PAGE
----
The irony is so thick you could choke on it. The Carolina Panthers – off to a winless start through four games in 2023 – are desperately seeking help at the wide receiver position. Oh, and in addition to trying to acquire a top tier downfield threat, the team is also reportedly searching for another offensive playmaker out of the backfield to take pressure off of rookie quarterback Bryce Young.
As these needs were being made manifest, players who donned the blue and black at this same time a year ago were going off. Former Panthers’ wide receiver DJ Moore, for example, went for 230 yards and three touchdowns in a Thursday night game with his new team, the Chicago Bears. Moore now has 531 yards and five touchdowns on the season – for Chicago. Meanwhile, former Panthers’ running back Christian McCaffrey – who was supposed to be Carolina’s franchise player – is leading the National Football League (NFL) in rushing for his new team, the San Francisco 49ers. In addition to his 549 yards on the ground, McCaffrey has 141 receiving yards through four games.
Moore and McCaffrey were part of a pair of monumental trades over the course of the past year intended to redefine the Panthers under new owner David Tepper – who purchased the franchise in 2018.
How are those trades working out?
It’s early days, still … but signs point to the Panthers being in the midst of a much tougher rebuild than anyone anticipated. Which is not what fans want to hear considering they have basically been rebuilding for the last five years.
The right to select Young – the controversial No. 1 overall pick in April’s draft – was acquired via a blockbuster trade that sent Moore and four draft picks (including a pair of first rounders) to Chicago. Several of the picks Carolina traded to the Bears were originally obtained in an October 2022 trade which sent McCaffrey to San Francisco – further diluting the value of that deal.
I keep hearing how the Panthers won both of these trades – and maybe history will prove they did. But so far? They have not. So far, these deals have been disastrous.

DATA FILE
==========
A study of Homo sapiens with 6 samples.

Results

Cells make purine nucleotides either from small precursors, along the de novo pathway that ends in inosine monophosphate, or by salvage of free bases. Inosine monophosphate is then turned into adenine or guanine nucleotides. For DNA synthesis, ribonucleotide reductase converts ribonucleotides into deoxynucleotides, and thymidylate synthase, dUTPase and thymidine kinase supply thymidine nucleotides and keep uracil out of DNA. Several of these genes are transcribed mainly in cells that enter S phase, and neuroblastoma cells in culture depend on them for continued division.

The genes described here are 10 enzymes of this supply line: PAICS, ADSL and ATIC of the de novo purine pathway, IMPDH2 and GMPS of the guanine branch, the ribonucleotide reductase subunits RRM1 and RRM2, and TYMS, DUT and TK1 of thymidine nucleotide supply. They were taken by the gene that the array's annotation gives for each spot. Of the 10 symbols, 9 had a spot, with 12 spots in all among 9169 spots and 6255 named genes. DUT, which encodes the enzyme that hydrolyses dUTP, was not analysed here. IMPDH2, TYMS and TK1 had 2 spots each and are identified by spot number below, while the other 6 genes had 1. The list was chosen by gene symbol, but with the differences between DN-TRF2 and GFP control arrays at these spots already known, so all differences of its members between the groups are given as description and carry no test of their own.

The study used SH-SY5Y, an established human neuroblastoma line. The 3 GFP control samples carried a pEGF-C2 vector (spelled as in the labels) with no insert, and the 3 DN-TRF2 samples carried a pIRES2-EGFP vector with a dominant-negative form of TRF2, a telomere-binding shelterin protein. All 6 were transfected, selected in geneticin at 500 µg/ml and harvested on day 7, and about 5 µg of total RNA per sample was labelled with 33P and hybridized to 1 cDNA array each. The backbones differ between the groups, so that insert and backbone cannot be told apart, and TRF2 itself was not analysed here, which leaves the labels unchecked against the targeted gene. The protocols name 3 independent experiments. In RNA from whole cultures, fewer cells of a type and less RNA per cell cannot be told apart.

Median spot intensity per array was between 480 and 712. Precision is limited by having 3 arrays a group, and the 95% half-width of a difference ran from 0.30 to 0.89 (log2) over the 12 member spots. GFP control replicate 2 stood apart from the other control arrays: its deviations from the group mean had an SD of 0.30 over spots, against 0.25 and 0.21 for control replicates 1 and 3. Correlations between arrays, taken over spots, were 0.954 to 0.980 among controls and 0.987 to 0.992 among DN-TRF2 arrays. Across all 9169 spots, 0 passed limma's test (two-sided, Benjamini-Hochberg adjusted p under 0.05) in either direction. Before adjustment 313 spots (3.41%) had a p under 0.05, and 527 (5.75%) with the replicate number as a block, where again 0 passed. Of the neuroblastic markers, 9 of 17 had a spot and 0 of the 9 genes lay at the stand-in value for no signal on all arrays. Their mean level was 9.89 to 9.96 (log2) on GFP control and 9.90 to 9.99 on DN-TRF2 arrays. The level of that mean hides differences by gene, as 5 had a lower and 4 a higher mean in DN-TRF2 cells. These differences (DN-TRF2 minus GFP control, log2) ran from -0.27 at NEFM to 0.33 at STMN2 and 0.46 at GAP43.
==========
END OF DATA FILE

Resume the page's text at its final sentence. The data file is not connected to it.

McCaffrey did not want to leave the Panthers. He wanted to win in Carolina. He was a team captain – and converted $7 million of his 2022 salary into a signing bonus so the team could save money against the cap and, ostensibly, become more competitive. After McCaffrey was traded, Carolina used some of the money it saved to sign running back Miles Sanders to a four-year, $24.5 million deal. How has that paid off? Through four games this season, Sanders has rushed for an anemic 158 yards on 54 carries. He then proceeded to enrage the fan base by complaining about a cascade of boos that (rightfully) rained down on the offense during a recent home loss.
I’m not judging Young after three starts, nor should you.
But is the franchise doing the things it needs to do to develop the 22-year-old Philadelphia native into the starter they hope he will become one day?
Carolina is in its first season under head coach Frank Reich – who was controversially tapped by Tepper in January following the firing of former head coach Matt Rhule on October 10, 2022. Rhule was Tepper’s first choice to rebuild the franchise, but fans now find themselves rebuilding from a failed rebuild. And should Reich wind up getting canned at the end of the season (a distinct possibility at this point), we could be looking at a “forever rebuild” situation – which would further stifle Young’s development.
Reich is bearing the brunt of criticism for Young’s poor performance – and the Panthers’ anemic start. That’s also ironic. Why? Because speaking of “first choices” – Reich reportedly wanted to draft Ohio State’s C.J. Stroud first overall instead of Young but was overruled by Tepper. Stroud ultimately went No. 2 to the Houston Texans.
To say Reich and Young have not meshed from a system perspective is an understatement.
“Reich keeps preaching patience, but there’s nothing left,” Dator added. “Something has to change. It’s nice that Reich thinks it’s all about to click, but it isn’t.”
NFL analyst Jared Feinburg agreed.
“After three weeks of saying be patient, give it time, I have officially given up on Frank Reich as a play-caller as the sequencing, clock management, urgency on offense, and overall scheme have been inconsistent and inefficient overall,” Feinburg wrote this week.
Can Carolina turn it around? Certainly … but the Tepper era trend lines are downright brutal. The Panthers are 29-57 (.337) since Tepper took ownership of the team – failing to post a winning record or reach the playoffs over that time. By contrast, during the five years prior to Tepper’s purchase the Panthers went 54-32-1 (.621) – reaching the playoffs four times and making it to Super Bowl 50.
Tepper also remains part of an ongoing investigation into allegations tied to the Panthers’ botched crony capitalist deal with the state of South Carolina. To great fanfare, the franchise agreed to move its corporate headquarters and practice facility to Rock Hill, South Carolina in 2019 – a deal hailed as the signature economic development of S.C. governor Henry McMaster. The agreement collapsed, though, and in 2022 Tepper’s holding company filed for bankruptcy in Delaware.
ABOUT THE AUTHOR …
Will Folks is the founding editor of the news outlet you are currently reading. Prior to founding FITSNews, he served as press secretary to the governor of South Carolina. He lives in the Midlands region of the state with his wife and seven (soon to be eight) children.